Using a new computer algorithm they created that compiles reams of data on adverse drug reactions, Stanford University researchers have shown thousands of previously unknown side effects caused when some drugs are taken in combination, reports Nature News' Heidi Ledford. "Although clinical trials are often designed to assess the safety of a drug in addition to how well it works, the size of the trials needed to detect the full range of drug interactions would surpass even the large, late-stage clinical trials sometimes required for drug approval," Ledford says. So this algorithm, published in Science Translational Medicine is another way for doctors and regulators to assess a drug's safety profile as it's used in real time.

To reduce the bias inherent in adverse drug reaction reporting — for example, Ledford says, certain drugs are taken by certain segments of the population, which may be suffering from co-morbidities — the algorithm is designed to match data from each patient taking a drug to a control patient with the same condition. "The approach automatically corrected for several known sources of bias, including those linked to gender, age, and disease," Ledford says.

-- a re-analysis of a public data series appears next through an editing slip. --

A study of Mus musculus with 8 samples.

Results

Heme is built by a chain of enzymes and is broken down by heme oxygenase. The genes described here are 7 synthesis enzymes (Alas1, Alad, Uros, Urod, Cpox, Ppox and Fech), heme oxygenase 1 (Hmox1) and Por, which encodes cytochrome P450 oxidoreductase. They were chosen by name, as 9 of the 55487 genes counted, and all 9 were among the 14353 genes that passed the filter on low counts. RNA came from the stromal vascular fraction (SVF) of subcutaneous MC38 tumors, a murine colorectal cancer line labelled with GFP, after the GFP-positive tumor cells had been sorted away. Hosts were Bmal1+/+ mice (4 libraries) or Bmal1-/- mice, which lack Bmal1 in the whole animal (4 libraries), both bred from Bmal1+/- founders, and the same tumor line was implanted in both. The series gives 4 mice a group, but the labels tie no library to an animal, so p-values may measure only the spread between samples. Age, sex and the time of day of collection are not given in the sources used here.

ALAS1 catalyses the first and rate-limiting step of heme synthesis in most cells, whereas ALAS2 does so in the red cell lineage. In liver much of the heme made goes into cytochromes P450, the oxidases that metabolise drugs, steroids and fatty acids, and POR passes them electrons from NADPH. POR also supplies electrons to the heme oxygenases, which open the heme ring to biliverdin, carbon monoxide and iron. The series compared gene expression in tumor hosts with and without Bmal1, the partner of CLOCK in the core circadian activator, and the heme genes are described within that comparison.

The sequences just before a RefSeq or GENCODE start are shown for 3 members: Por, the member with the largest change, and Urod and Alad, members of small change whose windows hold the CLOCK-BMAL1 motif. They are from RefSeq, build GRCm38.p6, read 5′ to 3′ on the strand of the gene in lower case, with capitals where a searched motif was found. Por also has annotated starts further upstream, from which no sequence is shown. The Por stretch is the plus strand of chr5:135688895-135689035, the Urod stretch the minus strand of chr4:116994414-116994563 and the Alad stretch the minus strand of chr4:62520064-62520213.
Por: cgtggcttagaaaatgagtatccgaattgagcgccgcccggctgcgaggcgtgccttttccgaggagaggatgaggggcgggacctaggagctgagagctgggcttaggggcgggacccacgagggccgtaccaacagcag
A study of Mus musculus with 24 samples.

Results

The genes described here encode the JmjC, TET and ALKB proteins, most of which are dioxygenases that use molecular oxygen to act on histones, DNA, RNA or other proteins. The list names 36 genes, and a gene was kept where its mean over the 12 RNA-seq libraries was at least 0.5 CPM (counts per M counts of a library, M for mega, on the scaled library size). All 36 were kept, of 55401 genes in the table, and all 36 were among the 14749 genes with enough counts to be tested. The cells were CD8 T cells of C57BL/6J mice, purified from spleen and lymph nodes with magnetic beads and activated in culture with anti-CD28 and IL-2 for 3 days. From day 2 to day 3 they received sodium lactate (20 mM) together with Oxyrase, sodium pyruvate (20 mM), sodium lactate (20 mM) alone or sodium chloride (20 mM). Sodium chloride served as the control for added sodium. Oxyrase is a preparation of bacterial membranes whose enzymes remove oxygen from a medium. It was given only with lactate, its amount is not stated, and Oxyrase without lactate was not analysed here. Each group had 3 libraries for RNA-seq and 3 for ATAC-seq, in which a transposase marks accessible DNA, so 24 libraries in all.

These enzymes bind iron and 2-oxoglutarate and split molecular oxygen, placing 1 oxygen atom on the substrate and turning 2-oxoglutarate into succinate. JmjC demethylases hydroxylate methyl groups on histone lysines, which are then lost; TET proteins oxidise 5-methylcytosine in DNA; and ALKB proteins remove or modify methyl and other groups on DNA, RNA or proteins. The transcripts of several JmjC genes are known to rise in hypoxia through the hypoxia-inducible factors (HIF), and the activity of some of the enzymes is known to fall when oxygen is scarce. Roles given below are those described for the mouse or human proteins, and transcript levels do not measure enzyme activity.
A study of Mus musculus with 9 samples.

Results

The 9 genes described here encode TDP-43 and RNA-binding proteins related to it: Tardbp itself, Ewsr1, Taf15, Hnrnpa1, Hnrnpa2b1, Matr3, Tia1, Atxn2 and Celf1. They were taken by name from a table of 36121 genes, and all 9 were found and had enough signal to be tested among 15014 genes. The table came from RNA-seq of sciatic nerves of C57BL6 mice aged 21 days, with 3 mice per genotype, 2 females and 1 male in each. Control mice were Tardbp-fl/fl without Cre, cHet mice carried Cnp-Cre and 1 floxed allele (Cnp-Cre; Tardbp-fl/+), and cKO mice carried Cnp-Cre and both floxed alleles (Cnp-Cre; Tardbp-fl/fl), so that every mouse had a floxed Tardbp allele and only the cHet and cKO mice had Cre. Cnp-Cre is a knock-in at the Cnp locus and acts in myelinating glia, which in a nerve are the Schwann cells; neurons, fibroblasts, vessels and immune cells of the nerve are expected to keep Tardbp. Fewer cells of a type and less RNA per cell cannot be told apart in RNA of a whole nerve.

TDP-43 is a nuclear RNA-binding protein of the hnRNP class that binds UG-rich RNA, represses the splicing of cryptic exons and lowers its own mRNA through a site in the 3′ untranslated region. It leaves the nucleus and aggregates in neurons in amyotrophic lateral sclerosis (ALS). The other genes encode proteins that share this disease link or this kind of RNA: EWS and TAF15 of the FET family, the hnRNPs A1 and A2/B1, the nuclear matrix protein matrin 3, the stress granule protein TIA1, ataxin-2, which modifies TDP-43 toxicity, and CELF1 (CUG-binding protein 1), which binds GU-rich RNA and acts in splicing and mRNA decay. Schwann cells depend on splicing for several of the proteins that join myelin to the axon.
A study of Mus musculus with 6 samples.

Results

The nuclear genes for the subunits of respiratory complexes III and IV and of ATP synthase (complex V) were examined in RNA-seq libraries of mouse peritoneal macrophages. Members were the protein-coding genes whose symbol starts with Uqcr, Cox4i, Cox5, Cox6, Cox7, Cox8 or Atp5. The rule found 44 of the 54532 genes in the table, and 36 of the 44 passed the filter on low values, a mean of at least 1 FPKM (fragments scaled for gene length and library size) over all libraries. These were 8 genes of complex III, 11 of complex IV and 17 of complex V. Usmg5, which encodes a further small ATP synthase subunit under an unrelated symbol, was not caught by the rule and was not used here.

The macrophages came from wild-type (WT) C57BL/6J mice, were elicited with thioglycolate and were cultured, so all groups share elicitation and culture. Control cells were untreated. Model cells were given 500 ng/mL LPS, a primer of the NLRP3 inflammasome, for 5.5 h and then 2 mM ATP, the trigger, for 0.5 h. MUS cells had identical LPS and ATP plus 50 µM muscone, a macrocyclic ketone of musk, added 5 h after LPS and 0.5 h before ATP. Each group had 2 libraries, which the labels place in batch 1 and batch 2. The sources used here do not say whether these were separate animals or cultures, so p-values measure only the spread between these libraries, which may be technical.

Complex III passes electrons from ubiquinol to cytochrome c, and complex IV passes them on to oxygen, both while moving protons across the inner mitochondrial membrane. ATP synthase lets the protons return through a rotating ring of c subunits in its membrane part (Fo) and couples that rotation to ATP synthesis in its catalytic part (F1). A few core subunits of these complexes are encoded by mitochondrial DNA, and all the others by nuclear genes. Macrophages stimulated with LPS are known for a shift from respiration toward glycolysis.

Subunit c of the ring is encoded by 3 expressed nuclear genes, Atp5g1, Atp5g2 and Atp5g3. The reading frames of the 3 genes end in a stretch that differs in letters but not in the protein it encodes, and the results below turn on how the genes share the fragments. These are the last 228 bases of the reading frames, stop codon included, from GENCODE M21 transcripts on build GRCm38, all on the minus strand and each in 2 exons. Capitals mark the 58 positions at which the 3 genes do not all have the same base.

The Scan

Highly Similar

Researchers have uncovered bat viruses that are highly similar to SARS-CoV-2, according to Nature News.

Gain of Oversight

According to the Wall Street Journal, the Biden Administration is considering greater oversight of gain-of-function research.

Lasker for mRNA Vaccine Work

The Scientist reports that researchers whose work enabled the development of mRNA-based vaccines are among this year's Lasker Award winners

PLOS Papers on Causal Variant Mapping, Ancient Salmonella, ALK Fusion Test for NSCLC

In PLOS this week: MsCAVIAR approach to map causal variants, analysis of ancient Salmonella, and more.